My Lithuanian wartime grandfather was a hero, a collaborator and a murderer

How the granddaughter of Lithuanian national hero Jonas Noreika unearthed his unspoken, gruesome past


Growing up in Chicago’s “Little Lithuania”, Silvia Foti was proud of her heritage.

She had grown up with stories about her grandfather Jonas Noreika — known as General Storm — a Lithuanian national hero who had fought against Soviet domination and paid for it with his life.

He was also responsible for the murder of thousands of Jews — but she did not know that.

When, on her death-bed 18 years ago, Ms Foti’s mother asked her to write a book about her hero grandfather, she promptly agreed: it was a great story and an opportunity to enhance Jonas Noreika’s reputation.

Later that year on a trip to Lithuania, she was pleasantly surprised at the respect and affection his name elicited. However, it was on a visit to his hometown that she first heard rumours that he was a “Jew killer”.

His best friend told her that, yes, he had served as county chair under the Nazis in 1941, but only because he thought he could help more by accepting the role.

Ms Foti could not help feeling unsettled. And when she discovered an antisemitic rant in a booklet written by her grandfather, her doubts increased.

Her first reaction to her grandfather being a collaborator was shock and denial.

“At first, I thought it was Russian propaganda but the evidence kept piling up,” she recalls to the JC. Then, during an extensive visit to Lithuania in 2013, Ms Foti decided to retrace her grandfather’s steps in the company of Simon Dovidavicius, a Holocaust guide. They soon discovered that the collaboration by Noreika — and many others — was an open secret.

Mr Dovidavicius pointed out the discrepancies with the official version of the Noreika story. He noted that Noreika had led the first uprising in Lithuania in 1941, before the Germans arrived. It had been the beginning of the Holocaust for 200,000 Lithuanian Jews, 3,000 of them alone in Plunge, in Telsiai County, where Noreika was in charge.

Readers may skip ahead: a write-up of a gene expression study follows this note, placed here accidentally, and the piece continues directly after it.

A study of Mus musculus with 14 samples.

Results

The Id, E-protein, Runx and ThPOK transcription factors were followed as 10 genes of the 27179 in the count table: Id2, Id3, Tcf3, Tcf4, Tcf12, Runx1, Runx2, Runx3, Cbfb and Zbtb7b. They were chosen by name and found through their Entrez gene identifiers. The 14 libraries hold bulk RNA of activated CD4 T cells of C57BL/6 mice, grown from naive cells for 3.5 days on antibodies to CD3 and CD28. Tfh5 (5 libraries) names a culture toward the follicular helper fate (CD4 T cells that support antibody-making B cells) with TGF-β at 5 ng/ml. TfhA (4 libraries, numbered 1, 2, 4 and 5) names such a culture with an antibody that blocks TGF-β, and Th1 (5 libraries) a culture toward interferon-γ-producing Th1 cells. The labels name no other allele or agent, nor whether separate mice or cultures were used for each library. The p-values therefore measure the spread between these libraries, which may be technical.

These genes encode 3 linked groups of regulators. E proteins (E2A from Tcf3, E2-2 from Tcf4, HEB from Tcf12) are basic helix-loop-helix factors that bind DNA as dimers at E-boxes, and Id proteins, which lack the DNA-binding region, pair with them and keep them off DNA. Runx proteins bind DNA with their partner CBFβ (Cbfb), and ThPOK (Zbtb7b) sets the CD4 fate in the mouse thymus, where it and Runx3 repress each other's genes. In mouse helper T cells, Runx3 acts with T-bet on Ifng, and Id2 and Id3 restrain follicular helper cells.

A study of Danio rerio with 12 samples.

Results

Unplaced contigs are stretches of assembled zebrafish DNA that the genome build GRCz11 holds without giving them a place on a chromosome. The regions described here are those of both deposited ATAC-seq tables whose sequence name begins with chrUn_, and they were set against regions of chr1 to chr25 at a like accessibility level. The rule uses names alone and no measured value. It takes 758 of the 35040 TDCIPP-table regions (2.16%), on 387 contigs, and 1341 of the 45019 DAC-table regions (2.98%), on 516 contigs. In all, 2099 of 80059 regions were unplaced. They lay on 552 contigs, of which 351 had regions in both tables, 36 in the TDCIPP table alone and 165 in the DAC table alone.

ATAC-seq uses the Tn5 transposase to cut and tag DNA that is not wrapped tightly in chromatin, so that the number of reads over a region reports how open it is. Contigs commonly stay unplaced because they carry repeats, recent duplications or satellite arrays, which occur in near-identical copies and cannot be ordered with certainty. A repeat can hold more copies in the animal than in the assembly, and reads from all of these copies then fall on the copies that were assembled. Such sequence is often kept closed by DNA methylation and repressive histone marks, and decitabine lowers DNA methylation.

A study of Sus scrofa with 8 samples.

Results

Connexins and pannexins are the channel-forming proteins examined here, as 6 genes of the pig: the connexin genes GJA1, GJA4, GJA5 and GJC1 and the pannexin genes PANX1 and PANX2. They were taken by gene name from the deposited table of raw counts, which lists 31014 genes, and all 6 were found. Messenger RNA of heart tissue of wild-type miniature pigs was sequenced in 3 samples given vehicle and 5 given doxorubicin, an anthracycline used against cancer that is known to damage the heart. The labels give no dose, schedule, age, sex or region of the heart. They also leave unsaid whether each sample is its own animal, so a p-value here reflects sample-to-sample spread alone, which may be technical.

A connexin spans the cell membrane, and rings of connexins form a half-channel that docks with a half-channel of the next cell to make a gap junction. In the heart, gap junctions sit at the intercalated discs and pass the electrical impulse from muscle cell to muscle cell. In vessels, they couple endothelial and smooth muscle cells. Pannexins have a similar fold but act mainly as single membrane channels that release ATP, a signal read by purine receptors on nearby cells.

Ms Foti’s suspicion, and Mr Dovidavicius’ certainty, that Noreika had given the orders for the killings were met with firm denials. “He wasn’t there, it was the Germans,” his best friend and comrade reiterated.

Ms Foti’s research was hampered by the lack of written documents, as everything had been done orally. But a breakthrough came towards the end of her trip when an aunt, aged just 10 at the time, recalled moving into a house in Plunge at the time of the 1941 uprising. It had became “suddenly free” when the previous Jewish owners had disappeared, probably on her grandfather’s orders.

This appropriation of Jewish property is symptomatic for Ms Foti.

“I think that, like many in Lithuania, my grandfather was envious of the economic success of the Jews,” she says. “It kind of snowballed from there, it gave licence to this dark feeling people had towards the Jews. Hatred became unleashed and justified.”

Lithuania, a small country that has long lived in the shadow of bigger neighbours like Russia, is strongly nationalistic and resents what it perceives as smears on its reputation.

Its Genocide Museum is a shrine to Lithuanian nationalists like Noreika who suffered under the Soviets —although, after an outcry about the use of the word “genocide”, its name was recently changed to Museum of Occupations and Freedom Fights.

“Before I started researching my grandfather’s story I didn’t even know about the Holocaust in Lithuania. Instead, I kept hearing about the Lithuanians deported to Siberia by the Russians,” Ms Foti says.

“Lithuania is still in denial about what happened to the Jews and many see me as a traitor for making the country look bad.”

One person not worried about being perceived as a traitor is Grant Gochin, a US citizen of Lithuanian descent. For years, he has been locked in a legal battle with the Lithuanian government to force the country to acknowledge the role many of its “heroes” played in the Holocaust.

Around 100 members of his family were murdered, very likely on Noreika’s orders.

In a surprising twist that proves, in Mr Gochin’s words, that “reconciliation is possible when people are truthful”, the murderer’s granddaughter and the murdered’s relative have become friends. They are now working together to convince the Lithuanian government to come clean about the country’s Holocaust cover-up.

A few months ago, Mr Gochin submitted a 69-page report detailing Noreika’s actions, as well as an affidavit by Ms Foti on the damning results of her research, to the state-funded Genocide and Resistance Research Centre of Lithuania. So far, all the evidence he presented has been discounted, but he has no intention of giving up.

For Silvia Foti, pride has turned to shame and anger, but also determination to tell the truth.

Her book, now completed, may create even more friction as many in her community see her as a traitor for “making the country look bad”.

She still loves her grandfather — but hates what he did.